Adoption is in the news again because of the halting of adoptions in the Ukraine (or Crimea, if we’re counting that separately now) and the Democratic Republic of the Congo (DRC). As always this calls attention to the plight of the 150 million orphans in our world today. Barna Group put together an article called “5 Things You Need to Know About Adoption” for last November’s National Adoption Awareness Month. Here are 5 additional things I know about adoption:
1. It will be harder than you can imagine—Love inspires most of us who choose to adopt. In our case we knew our girls for years before they came to live in our home; we did all sorts of fun things together. We loved them and they loved us. They were excited to become part of our family. So we foolishly believed it would all work out beautifully. Debby walked out after a year and a half, the day our final custody papers arrived. I felt my heart break and thought it might never heal. Joy caused us all sorts of problems as she dealt with her own anger and feelings of abandonment. Any parent who has been up all night with a screaming infant knows how hard parenting can be—no matter how your child arrived.
2. It is incredibly expensive—Home studies, background checks, medical tests, and lawyer fees are just the start. If you’re adopting a newborn, you will likely pay the expectant mother’s expenses. International adoptions require travel, agency fees and in-country requirements. And once your child is home, the expenses simply multiply (as every parent of any child knows). For us, it wasn’t only the addition of mouths to feed and clothes to buy; it was our desire to give our girls all the experiences they had missed out on before coming to us—zoos, circuses, trips to Williamsburg, an evening with the Harlem Globetrotters.
3. There will be moments when you wish you hadn’t—I’m pretty sure most parents, if they’re honest, have moments of wondering what possessed them to procreate. But when you adopt, when you really, consciously, over and over again—as you filed each piece of paperwork, paid each fee, collected each reference, took every class—choose to adopt, you have no one to blame but yourself. There were plenty of moments to back out, and you chose not to. The day will come when you ask yourself: What were you thinking? And that’s okay, you simply get up and move forward with the forever family you chose. And if you’re lucky, the next day, or at least when that child is 30, you’ll be really glad you made that momentous choice.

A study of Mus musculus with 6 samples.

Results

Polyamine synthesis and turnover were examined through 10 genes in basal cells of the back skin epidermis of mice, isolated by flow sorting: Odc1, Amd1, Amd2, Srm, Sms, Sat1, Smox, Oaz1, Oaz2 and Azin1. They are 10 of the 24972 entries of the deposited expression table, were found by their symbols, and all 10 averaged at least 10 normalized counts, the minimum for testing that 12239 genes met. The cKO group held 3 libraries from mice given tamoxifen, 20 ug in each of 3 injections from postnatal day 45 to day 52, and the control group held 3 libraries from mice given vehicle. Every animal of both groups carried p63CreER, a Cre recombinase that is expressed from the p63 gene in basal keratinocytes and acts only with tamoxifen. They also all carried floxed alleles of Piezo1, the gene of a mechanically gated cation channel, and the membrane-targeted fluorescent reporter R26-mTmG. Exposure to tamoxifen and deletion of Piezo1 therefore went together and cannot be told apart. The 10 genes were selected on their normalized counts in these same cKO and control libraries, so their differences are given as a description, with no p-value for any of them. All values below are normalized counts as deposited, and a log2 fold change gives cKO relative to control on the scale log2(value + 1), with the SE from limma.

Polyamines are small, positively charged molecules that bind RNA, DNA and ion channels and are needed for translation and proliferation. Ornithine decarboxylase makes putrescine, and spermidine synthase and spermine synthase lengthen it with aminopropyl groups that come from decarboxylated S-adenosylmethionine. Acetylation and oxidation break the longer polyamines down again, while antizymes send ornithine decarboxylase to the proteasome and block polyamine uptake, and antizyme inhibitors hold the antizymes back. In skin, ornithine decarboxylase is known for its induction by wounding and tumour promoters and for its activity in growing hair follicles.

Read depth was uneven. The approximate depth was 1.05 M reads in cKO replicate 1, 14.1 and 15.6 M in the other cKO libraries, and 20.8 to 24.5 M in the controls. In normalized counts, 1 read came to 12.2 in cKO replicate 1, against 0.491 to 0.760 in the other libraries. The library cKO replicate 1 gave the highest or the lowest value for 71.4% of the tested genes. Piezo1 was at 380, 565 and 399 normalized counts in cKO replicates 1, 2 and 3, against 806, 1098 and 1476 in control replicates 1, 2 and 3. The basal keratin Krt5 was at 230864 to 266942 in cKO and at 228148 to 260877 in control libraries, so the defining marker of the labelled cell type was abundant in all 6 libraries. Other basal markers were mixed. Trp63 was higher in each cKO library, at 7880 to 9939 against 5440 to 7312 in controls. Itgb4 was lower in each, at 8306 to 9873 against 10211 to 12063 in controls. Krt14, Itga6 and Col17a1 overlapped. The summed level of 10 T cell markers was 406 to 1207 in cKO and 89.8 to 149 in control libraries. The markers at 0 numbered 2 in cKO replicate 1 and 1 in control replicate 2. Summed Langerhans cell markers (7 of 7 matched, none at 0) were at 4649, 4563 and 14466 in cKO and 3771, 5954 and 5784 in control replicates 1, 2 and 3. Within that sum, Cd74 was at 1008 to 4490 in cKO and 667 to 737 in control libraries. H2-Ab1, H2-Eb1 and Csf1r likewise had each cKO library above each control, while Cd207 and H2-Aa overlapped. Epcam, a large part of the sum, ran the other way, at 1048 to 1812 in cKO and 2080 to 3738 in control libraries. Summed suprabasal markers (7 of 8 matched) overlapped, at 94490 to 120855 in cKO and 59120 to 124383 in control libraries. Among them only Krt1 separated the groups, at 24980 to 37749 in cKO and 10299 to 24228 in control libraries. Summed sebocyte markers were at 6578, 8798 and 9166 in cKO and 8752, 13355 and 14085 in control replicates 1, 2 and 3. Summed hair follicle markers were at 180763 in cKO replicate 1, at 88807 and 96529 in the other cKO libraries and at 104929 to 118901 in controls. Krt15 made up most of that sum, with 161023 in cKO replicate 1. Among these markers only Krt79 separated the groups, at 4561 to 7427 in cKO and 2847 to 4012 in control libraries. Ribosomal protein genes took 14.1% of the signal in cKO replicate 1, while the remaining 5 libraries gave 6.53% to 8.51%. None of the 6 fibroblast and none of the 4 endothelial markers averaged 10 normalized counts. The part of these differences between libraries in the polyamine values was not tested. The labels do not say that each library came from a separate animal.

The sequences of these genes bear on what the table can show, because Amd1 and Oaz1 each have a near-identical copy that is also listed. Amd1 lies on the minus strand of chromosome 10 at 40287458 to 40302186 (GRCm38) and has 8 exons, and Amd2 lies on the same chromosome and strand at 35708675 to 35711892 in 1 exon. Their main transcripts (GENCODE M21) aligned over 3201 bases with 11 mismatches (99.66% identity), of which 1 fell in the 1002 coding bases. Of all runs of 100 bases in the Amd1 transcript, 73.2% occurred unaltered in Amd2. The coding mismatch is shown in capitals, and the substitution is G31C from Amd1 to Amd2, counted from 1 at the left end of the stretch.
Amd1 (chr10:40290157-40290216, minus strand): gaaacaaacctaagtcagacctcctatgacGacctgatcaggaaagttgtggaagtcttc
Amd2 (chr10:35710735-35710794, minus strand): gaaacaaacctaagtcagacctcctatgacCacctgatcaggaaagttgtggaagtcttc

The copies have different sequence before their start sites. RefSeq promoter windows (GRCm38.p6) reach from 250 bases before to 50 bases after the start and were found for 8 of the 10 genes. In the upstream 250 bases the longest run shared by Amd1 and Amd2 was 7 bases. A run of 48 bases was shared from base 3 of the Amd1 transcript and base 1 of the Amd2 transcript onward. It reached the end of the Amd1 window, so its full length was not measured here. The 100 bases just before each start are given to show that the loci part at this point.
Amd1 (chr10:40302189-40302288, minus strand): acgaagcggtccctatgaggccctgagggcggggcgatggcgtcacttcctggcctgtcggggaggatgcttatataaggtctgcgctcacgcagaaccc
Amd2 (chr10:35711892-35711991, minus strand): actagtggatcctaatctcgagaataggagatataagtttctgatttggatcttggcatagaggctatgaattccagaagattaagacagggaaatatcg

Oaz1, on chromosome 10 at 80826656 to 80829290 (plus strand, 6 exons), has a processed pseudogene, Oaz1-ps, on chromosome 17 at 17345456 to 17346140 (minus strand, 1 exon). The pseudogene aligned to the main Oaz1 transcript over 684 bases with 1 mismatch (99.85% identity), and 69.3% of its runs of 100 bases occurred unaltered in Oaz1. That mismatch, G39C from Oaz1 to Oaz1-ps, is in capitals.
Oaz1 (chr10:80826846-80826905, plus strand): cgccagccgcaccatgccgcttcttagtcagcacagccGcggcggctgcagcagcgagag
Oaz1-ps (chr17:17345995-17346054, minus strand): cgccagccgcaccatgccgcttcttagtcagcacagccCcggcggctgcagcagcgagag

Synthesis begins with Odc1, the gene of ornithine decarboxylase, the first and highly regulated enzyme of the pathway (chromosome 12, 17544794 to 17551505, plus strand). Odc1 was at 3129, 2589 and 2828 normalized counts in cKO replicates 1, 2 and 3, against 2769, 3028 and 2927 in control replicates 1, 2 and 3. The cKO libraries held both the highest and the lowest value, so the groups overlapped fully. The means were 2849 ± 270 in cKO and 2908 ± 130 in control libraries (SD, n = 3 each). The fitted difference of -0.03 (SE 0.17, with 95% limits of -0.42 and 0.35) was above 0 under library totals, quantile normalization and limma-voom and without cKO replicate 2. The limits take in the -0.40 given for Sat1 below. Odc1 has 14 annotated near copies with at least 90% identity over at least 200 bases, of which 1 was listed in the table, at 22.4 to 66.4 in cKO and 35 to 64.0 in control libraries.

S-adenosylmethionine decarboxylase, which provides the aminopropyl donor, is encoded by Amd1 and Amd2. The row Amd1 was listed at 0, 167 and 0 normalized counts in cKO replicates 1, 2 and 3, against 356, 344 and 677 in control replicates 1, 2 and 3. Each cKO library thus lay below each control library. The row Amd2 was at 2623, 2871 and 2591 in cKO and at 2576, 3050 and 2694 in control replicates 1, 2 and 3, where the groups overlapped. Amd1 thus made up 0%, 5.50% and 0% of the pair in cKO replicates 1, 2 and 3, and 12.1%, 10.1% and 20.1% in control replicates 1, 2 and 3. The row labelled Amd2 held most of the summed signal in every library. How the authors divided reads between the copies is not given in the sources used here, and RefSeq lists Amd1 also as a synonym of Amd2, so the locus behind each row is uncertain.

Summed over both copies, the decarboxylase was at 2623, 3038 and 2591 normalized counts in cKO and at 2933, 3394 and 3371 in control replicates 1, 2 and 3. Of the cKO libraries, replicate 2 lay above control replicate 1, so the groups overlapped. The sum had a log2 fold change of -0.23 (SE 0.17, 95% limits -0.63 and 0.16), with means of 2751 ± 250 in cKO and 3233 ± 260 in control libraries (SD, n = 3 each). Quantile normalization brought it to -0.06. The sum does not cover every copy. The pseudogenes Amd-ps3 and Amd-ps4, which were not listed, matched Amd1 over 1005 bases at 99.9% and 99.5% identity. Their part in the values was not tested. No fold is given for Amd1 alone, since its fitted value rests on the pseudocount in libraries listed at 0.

4. There are no guarantees—Every parent (biological or adoptive or step) should know this, and yet we put it out of our minds. We want to believe that if we make this amazing change in our lives, bringing this little (or bigger) person into our homes and hearts, all will be well. He or she will grow up to be healthy, work hard to get a good education, marry the perfect person, and find a job that uses his or her passions to make a difference in the world—curing cancer would be nice, but we’ll settle for the Nobel Peace Prize. Unfortunately, children aren’t robots we can program for our desired end. They have wills of their own. They make foolish choices (just like we did), and they may never have a good job or marriage. And with adopted children you have the added possibility that they will turn their back on you and all your good intentions for them and instead return to the disfunction of their birth families. There. Are. No. Guarantees.
5. If I had known then what I know now, I would still have done it—We had some hard days. Heck, who am I kidding? We had some hard years. But I can’t imagine life without Joy. Or Debbie. Or Ashley, the adopted granddaughter who was part of our lives and then maneuvered and manipulated to have her adoption terminated. Or our adopted grandson, Hunter. Or any of the other kids who lived with us for a short time, even though it never led to adoption.
What do you know about adoption? Feel free to share with us? I’d especially love to hear from those of you who were adopted, as to what you wish potential adoptive parents should know. And if you’re considering adoption, I salute you. It’s a beautiful thing. Really.